Had supporters been in the ground on Saturday, groans of frustration may have accompanied Thomas Partey losing the ball close to the halfway line against Manchester United as Arsenal attempted to launch a counter with 11 minutes to play.
However, the Ghana superstar was a beneficiary of a near-empty Emirates Stadium, as his culpability in costing the Gunners a potentially promising transition in the eventual goalless encounter in North London wasn’t met with the ire of almost 60,000 fans.
A lot had been made about the meeting of the age-old rivals, not only due to the history of the fixture in the 90s and early 2000s but largely because of what’s transpired at both clubs since that encounter on November 1. A Pierre-Emerick Aubameyang penalty won the game for Arsenal 1-0 as the three-time Premier League winners claimed a first success at Old Trafford since 2006.
While that statistic seemed to dominate post-game headlines, buried underneath ending a 14-year winless league run at the Theatre of Dreams was how Mikel Arteta’s men produced arguably their most impressive tactical display of the season against Ole Gunnar Solskjaer’s troops.
Crucial to that victory were the performances of Partey and Elneny in midfield; with the former man-marking Paul Pogba while the Egypt man hassled and harried Bruno Fernandes so much that observers may have been unaware of the playmaker’s presence on the pitch.
The evolution of both sides since — the Gunners overcoming their wretched run in the autumn, growing into one of the PL’s in-form sides and United’s ascent into title contention — meant Saturday’s game arrived with so much promise.
Interestingly, Arteta, believing in his team’s growth since beating Chelsea in December, opted against the same formation and central midfield pairing from three months ago. Rather, the Spanish manager continued with the in-form Granit Xhaka alongside the West African.
Be that as it may, the former Atletico Madrid man didn’t produce a similar kind of showing at the Emirates. For one, Partey wasn’t used in any precise man-marking role on Saturday while he had far fewer touches compared to the encounter in Manchester (73-56).
The all-round midfielder completed the highest volume of progressive passes (nine), ranked highest for forward-thinking ball-carrying (12) and made more recoveries (14) in that Old Trafford win than any teammate.
On Saturday, the respective figures for the aforementioned metrics were three, four and seven. While the 27-year-old was joint-top for progressive passes, he ranked third for progressive carries and fifth for volume of recoveries, highlighting a slight underperformance in the Ghanaian’s game against the same opponents.
What particularly summarised the midfielder’s showing was the alarming drop off after half-time, in which Partey’s influence on proceedings waned, demonstrated by that somewhat uncharacteristic possession loss that nearly resulted in Marcus Rashford scoring from range.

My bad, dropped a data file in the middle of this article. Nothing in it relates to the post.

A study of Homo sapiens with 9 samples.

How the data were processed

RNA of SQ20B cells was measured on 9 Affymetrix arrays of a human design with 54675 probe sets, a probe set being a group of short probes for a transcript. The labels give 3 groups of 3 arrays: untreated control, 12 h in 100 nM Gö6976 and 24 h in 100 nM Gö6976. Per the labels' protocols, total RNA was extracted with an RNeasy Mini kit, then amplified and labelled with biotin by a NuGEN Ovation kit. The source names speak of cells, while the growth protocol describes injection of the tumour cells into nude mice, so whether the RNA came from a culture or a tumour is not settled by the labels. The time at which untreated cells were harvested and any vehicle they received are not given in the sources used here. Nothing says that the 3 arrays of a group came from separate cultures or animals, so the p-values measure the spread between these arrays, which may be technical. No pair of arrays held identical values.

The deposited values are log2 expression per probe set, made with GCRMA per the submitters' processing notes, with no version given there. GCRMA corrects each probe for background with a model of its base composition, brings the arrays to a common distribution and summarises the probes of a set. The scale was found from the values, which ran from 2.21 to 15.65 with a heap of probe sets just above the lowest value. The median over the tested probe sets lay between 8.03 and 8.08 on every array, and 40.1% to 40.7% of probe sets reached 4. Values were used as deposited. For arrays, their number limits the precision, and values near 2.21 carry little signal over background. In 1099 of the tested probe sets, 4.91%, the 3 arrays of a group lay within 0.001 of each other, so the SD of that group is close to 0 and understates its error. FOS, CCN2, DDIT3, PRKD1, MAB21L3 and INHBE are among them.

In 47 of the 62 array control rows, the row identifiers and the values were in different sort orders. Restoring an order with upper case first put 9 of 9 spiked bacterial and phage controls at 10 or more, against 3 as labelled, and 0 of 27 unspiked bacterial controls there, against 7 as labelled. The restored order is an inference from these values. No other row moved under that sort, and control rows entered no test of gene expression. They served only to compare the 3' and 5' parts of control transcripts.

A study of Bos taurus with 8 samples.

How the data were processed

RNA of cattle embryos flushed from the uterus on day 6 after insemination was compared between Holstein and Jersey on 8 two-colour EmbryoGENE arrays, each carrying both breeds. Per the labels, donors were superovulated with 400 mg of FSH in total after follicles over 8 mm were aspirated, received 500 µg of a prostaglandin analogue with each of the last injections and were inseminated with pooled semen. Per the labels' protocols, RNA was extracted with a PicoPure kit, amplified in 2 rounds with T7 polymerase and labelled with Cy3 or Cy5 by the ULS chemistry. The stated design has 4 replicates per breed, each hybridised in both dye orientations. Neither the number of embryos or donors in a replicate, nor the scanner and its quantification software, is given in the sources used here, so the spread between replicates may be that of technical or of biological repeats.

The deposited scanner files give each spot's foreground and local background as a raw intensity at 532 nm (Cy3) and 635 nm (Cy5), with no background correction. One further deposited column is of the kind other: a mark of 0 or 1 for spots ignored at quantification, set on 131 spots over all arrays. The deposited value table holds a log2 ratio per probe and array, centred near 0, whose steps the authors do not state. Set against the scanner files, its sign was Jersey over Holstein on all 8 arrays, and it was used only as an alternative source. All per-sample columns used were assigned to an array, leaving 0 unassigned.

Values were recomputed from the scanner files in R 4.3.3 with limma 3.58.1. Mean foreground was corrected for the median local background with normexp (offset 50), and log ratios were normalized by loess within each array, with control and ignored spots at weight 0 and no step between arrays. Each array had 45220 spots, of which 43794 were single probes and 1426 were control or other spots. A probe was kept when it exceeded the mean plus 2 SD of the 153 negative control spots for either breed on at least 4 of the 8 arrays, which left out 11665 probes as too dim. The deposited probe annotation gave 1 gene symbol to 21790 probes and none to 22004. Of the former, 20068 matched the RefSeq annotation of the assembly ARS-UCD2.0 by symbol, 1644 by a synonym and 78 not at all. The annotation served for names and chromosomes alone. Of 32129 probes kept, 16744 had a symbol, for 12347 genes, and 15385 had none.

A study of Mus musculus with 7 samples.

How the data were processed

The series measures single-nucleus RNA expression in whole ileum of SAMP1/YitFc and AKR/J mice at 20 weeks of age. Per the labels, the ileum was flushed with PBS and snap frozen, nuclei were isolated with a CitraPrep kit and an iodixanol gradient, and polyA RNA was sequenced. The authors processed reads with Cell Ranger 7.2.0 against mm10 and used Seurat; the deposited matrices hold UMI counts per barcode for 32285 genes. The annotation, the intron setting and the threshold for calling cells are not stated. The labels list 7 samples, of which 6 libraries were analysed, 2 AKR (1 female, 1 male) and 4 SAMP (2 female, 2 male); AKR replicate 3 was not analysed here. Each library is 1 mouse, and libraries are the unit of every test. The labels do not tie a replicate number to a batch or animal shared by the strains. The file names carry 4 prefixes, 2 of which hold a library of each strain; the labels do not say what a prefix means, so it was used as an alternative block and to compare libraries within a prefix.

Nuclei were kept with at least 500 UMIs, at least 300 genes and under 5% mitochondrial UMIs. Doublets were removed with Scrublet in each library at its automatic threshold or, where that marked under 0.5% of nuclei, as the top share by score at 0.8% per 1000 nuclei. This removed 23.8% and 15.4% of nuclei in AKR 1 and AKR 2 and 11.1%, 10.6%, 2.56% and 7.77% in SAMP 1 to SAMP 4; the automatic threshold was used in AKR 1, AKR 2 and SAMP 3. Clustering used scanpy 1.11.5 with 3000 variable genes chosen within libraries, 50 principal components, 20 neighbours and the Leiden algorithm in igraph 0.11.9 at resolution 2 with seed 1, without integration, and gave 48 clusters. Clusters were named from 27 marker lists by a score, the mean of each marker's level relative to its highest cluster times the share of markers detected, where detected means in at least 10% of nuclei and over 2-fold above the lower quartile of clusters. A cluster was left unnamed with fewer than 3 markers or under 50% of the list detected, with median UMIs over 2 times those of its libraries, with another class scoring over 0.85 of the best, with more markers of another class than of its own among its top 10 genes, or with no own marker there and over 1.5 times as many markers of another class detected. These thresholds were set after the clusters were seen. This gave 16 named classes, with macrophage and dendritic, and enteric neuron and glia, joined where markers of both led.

In the final minutes of the first half, the West African had strangely ruined a developing fast break by over-hitting a seemingly easy pass to the left flank into touch which probably highlighted what was to come for the rest of the encounter.
This is not to suggest Partey had a poor match; rather ruing the fact he couldn’t produce a similar showing to the one that announced him to English football in November after an underwhelming first start vs Leicester City in late October.
There were still bright moments, regardless of the supposed underperformance on Saturday. In the 22nd minute, his press resistance and impressive ball-carrying saw him wriggle around United bodies in his half, run the length of the pitch before pulling his effort wide while a massive intervention prevented a Rashford cut-back finding Fernandes for a tap-in.
The mitigating factors surrounding the ex-Atleti player’s underwhelming display will largely originate from fitness issues and injury problems that have troubled him in the last couple of months. When he seemed to be hitting stride following a long-awaited return to action, a knock against Southampton led to an early withdrawal vs Saints and actually made him a doubt for Saturday’s stalemate.
In that sense, maybe little should be read into the disappointing performance in the draw with the Red Devils, who probably deserved a win at the Emirates after edging the expected goals battle 1.5-1.1.
This was a significant improvement on their xG of 0.3 when Arteta’s tactics coupled with Partey’s dominance and application stifled Solskjaer’s men at Old Trafford.
There was an unspoken acceptance of the point after the game and Partey, despite the absence of an encore, will have been relieved to come out of the encounter unscathed after a similar decision to risk him from the off backfired in the North London Derby.